By Mackenzie Mays,
The West Virginia Board of Education is considering major reform for the state’s school system, which would change the way local school districts operate.
Education leaders are examining ways to restructure the state’s 55-district school system by putting school management and bookkeeping responsibilities in the hands of an outside entity, allowing local administrators to focus more on student achievement.
As part of Gov. Earl Ray Tomblin’s comprehensive education bill, a Commission on School District Governance and Administration was formed last year to examine possible inefficiencies in the state’s school system. The school board has asked Thomas Alsbury, a professor at Seattle Pacific University who studies school boards and school governance, to develop ways that West Virginia could restructure its system, to become more fiscally efficient while also allowing local school officials to have a voice.
On Thursday, Alsbury recommended a “balanced governance model” for West Virginia that would be the first of its kind in the country, pointing to unorthodox education systems in Finland and Taiwan — where student achievement is among the best in the world.
“It removes the management-type responsibilities out of the local realm, and, frankly, these are responsibilities that often take up enormous amounts of time. By removing some of those, individuals can focus more on education improvement,” Alsbury said. “What we know from our research, very clearly, is that local boards that can focus on instructional improvement and are looking for bold progress in student achievement are much more successful, and those who focus on management issues are less successful.”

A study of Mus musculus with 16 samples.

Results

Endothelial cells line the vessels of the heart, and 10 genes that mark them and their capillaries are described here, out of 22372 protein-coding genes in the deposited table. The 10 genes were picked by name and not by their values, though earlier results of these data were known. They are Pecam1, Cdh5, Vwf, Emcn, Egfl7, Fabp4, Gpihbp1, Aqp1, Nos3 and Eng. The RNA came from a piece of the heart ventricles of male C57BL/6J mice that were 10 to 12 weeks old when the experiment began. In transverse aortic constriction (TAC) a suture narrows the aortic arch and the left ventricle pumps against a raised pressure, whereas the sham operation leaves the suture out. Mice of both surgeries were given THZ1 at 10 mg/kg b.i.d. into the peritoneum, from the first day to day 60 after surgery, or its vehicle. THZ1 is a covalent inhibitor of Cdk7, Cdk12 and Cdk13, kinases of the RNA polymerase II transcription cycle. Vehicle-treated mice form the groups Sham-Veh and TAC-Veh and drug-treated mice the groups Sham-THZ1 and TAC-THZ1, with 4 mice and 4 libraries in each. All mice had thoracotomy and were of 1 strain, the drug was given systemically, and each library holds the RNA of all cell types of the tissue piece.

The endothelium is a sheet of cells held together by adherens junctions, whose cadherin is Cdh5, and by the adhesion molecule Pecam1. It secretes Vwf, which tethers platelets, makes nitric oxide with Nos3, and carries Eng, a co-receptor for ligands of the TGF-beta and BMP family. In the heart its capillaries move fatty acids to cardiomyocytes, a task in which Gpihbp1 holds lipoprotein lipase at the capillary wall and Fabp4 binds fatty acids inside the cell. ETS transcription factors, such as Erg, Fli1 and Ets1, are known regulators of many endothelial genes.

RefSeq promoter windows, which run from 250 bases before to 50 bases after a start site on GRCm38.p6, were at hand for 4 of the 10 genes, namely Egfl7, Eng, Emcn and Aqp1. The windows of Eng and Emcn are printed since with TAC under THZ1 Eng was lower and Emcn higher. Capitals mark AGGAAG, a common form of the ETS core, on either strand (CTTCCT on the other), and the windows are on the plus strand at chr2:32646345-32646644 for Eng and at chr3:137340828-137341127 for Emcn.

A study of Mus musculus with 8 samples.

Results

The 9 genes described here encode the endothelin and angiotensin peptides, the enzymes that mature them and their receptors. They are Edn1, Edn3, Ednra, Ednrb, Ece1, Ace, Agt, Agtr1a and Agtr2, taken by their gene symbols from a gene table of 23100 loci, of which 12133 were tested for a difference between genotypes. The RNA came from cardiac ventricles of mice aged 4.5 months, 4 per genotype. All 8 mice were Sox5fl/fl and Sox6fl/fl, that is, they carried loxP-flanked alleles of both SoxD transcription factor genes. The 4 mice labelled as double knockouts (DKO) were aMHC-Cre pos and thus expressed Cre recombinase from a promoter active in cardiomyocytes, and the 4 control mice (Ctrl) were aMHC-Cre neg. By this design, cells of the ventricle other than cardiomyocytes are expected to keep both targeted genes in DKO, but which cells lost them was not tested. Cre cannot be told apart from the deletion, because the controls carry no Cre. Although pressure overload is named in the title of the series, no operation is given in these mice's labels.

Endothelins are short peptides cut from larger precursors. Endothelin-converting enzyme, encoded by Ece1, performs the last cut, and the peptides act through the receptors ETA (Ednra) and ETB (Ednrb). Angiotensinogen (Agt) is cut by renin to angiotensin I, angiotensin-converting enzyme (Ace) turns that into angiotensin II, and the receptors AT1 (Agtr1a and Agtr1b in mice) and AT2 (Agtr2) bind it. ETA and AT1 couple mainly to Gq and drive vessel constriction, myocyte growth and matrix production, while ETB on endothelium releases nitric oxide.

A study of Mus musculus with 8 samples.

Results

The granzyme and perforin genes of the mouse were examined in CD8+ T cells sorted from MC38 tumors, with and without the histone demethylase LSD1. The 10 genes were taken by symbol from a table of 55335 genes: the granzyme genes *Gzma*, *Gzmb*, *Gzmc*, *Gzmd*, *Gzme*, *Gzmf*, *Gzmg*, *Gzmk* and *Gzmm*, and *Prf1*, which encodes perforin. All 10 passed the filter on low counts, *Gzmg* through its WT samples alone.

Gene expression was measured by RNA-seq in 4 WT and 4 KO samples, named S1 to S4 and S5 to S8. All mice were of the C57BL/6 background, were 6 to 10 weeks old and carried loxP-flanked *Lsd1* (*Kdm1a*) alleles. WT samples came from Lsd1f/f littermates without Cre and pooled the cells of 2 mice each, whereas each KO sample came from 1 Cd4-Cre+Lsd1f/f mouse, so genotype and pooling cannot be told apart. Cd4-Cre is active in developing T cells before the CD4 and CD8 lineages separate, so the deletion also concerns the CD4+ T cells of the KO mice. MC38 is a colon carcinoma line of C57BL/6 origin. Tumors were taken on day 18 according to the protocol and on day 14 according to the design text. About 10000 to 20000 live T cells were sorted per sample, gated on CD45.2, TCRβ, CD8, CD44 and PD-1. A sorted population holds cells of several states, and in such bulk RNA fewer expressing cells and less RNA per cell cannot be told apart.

The proposal would “strike a balance” between centralizing certain responsibilities, creating fiscal efficiencies and maintaining a local community voice, Alsbury said.
“I’m very excited and nervous about this. This has never been done in the U.S.,” Alsbury said. “We’ve had elected boards, we’ve had mayoral control. We’ve never had any entity to attempt a balanced system. That’s what we’re attempting to do for you in West Virginia.”
State School Board President Gayle Manchin called tasks such as payroll and tracking of student attendance “a financial drain” on school systems. She said there’s an existing vehicle that could take on those jobs instead: Regional Education Service Agencies. RESAs already handle things such as cooperative purchasing for school systems.
“That’s what I feel so good about. We don’t have to create a system to take on some of these responsibilities — we have one,” Manchin said. “I think we have a great opportunity at a time where we are implementing a lot of change. These types of efforts — if we don’t do them now, we may never have this opportunity again.”
Manchin said Thursday “the stars have aligned.”
“I think the governor creating the commission was certainly visionary, in terms of forcing us to look and see what’s possible. I just think we’re at a point in this state where we can’t afford not to look at this kind of a model,” she said. “It all blends into everything that we have been trying to do for the last couple of years with Tomblin’s agenda.”
State school board member Tom Campbell, who chairs the Commission on School District Governance and Administration, said he’s excited to begin collaborating with the Board of Education, to start implementing some of the ideas.
The commission will meet Sept. 30 to vote on final district recommendations that will then be forwarded to the WVBE. The report also will be placed on public comment.
“The recommendations will shift the focus of the entire public education system in the Mountain State so the attention is on heightening student achievement,” Campbell said. “The final report will include several short- and long-term strategies that would allow school systems to largely focus on learning, especially at the site or classroom level.”
Some school board members, though, have concerns — particularly, how the proposed plan would affect small school systems.
Nine school boards in the state have fewer than 1,400 students in their system, according to state board member Lloyd Jackson.
“Lets assume we do get boards totally focused on academics. Some boards are becoming so small, they just can’t provide the services they might need to support it,” Jackson said. “I worry about leaving it to the school boards to decide the academic functions — not that they couldn’t do it in the right system.”